You don't put sunnyside-ups or salami sandwiches on them, that's for sure. Collector's plates are strictly for show - art objects created to reap ``ohhhs'' and ``ahhhs,'' not suppers and snacks. Collecting plates of limited editions isn't just a hobby. It's a business and a mania, with prices ranging from sawbucks to thousands. Take the ``Gone With the Wind'' series manufactured by the Edwin M. Knowles firm of Newell, W.Va. The limited-edition plate that pictures Scarlett O'Hara sold for $21.50 back in 1978 when first issued. Now this plate commands $275 or better.
Estimates put the number of plate collectors in the world today at 9 million - with 6.7 million of these in the United States.
When a limited-edition plate is first issued, avid collectors and dealers check it out, taking note of artistry, quality, and the manufacturer's reputation. If the plate is a paragon, they buy. And here's the hook: Only a certain number are made. So when the last plate rolls out of the factory, the trading fun starts on the secondary market, with supply and demand dictating a plate's cost. Good-sellers inch steadily upward in price or sometimes skyrocket, while the not-so-hot items limp along at issue price. A ceramic company's constant challenge is to ferret out sure-selling designs and scenes from artists, and to know just how many plates to produce. Too many glut the market; too few, and they'll slip by unnoticed.
Let's say a collector gets a yen for the ``Little Match Girl'' plate put out in 1907 by the Danish porcelain firm of Bing & Grondahl. Where does he find one now? He can haunt antiques shops and check classified ads, of course. But more than likely he'll phone the Bradford Exchange in Niles, a Chicago suburb. It's the world's largest marketplace for the trading of limited-edition collector's plates. Bradford Exchange operates like a stock exchange, with brokers quoting high, low, and current closing prices. But at Bradford, buyers wind up with plates rather than stock certificates.
Before Bradford Exchange passes a plate to the buyer, it checks for chips, cracks, bubbles, and flaws. And the seller hopes it wasn't a closet-cleaner-outer, because the exchange requires that he present the original box, if one was issued, along with documentation.
In 1986, collector's plates worth more than $100 million were traded on the Bradford Exchange, a figure that reflects both first-issue and secondary sales. And since 1982, secondary market activity has soared more than 300 percent.
During the past two years, porcelain centers in Taiwan, Switzerland, and Germany - never before represented in the collector's plate market - entered the Bradford listings. And recently, the exchange brought one of the new artists, Ursula Band of East Germany, to the Niles center for a visit. Her ``Songbirds of Europe'' set was produced by Alt Tirschenreuth, a 150-year-old porcelain firm in West Germany. This series marked Tirschenreuth's first venture into limited-edition plates.
Free-lancing from her home near Meissen, Mrs. Band paints in a combination of media (watercolor, tempera, and gouache) on a single painting. At the Tirschenreuth porcelain house, her art work is transformed into a decal. This is then applied to the porcelain plate and kiln-fired. Band's bird plates, tagged in the $20 range, are still being issued, but once the series closes, the price of each plate will fluctuate at its own rate.
Supposedly, this ``limited edition'' game started back in 1895 when Harald Bing, director of Denmark's Bing & Grondahl, made a shattering decision. He told workers to destroy the mold for that year's Christmas plate. Titled ``Behind the Frozen Window,'' the plate of cobalt blue and white depicts a city's spires seen through a frosted windowpane. Nobody knows how many were made, but it's estimated that 400 still exist today. Back then, it sold for the equivalent of 50 cents. Today, it sells for $3,200 or more.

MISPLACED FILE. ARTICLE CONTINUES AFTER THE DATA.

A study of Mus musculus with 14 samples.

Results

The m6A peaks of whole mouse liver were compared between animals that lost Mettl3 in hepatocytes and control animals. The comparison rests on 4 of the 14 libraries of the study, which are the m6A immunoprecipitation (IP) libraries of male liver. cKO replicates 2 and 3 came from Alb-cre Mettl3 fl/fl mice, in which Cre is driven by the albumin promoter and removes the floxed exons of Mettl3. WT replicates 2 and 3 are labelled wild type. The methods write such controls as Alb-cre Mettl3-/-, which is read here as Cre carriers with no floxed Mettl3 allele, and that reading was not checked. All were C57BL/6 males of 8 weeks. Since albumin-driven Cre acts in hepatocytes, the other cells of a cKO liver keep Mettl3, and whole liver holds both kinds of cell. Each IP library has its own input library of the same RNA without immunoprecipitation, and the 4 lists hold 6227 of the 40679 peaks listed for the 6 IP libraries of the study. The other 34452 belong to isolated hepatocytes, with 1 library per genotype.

Browswers can see this plate, plus a panorama of others, at the Bradford Exchange museum, in the same Niles building. This exhibition of limited editions - the world's largest permanent collection - features more than 1,300 plates of porcelain, china, crystal, and wood produced by some 60 makers from 12 countries. Just name a subject and you're sure to find a matching plate. The range goes from biblical characters to clowns, from fairy tales to opera, little girls, mothers, lovers, and scenes around the seasons.
The history and terminology of ceramics
To China goes credit for first producing true or ``hard paste'' porcelain. It happened around the 7th century, when artisans drew on kaolin clay deposits near the town of Ching-te Chen. Kaolin is a key ingredient for this white, translucent porcelain.
In the 14th century the porcelain from China made its way westward along trade routes to Europe's rich and royal. The artisans of Europe tried to duplicate the Chinese formula and process, but to no avail. Renaissance craftsmen only managed to create an inferior product called ``soft paste'' porcelain.
Finally the breakthrough came in 1708. Using kaolin clay discovered near Meissen, Germany, potter Johann Friedrich Bottger succeeded in pushing kiln temperatures to the hottest of hot. Out came the prize porcelain. Terms in the trade:
Ceramic - A general term applied to plates and vessels made from clay and hardened by firing.
Glaze - The hard, glossy coating that makes ceramic ware more decorative and durable. Glaze is applied by dipping, spraying, or painting after the ware's first firing. When heated to its vitrification point, the glaze fuses with the ceramic ware.
Vitrification - When heated between 1250 C. and 1450 C., clay fuses to form a glassy (vitreous), nonporous substance.
China - Although the terms china and porcelain are often used interchangeably, they're not the same. Their formulas are different, and they're fired at different temperatures.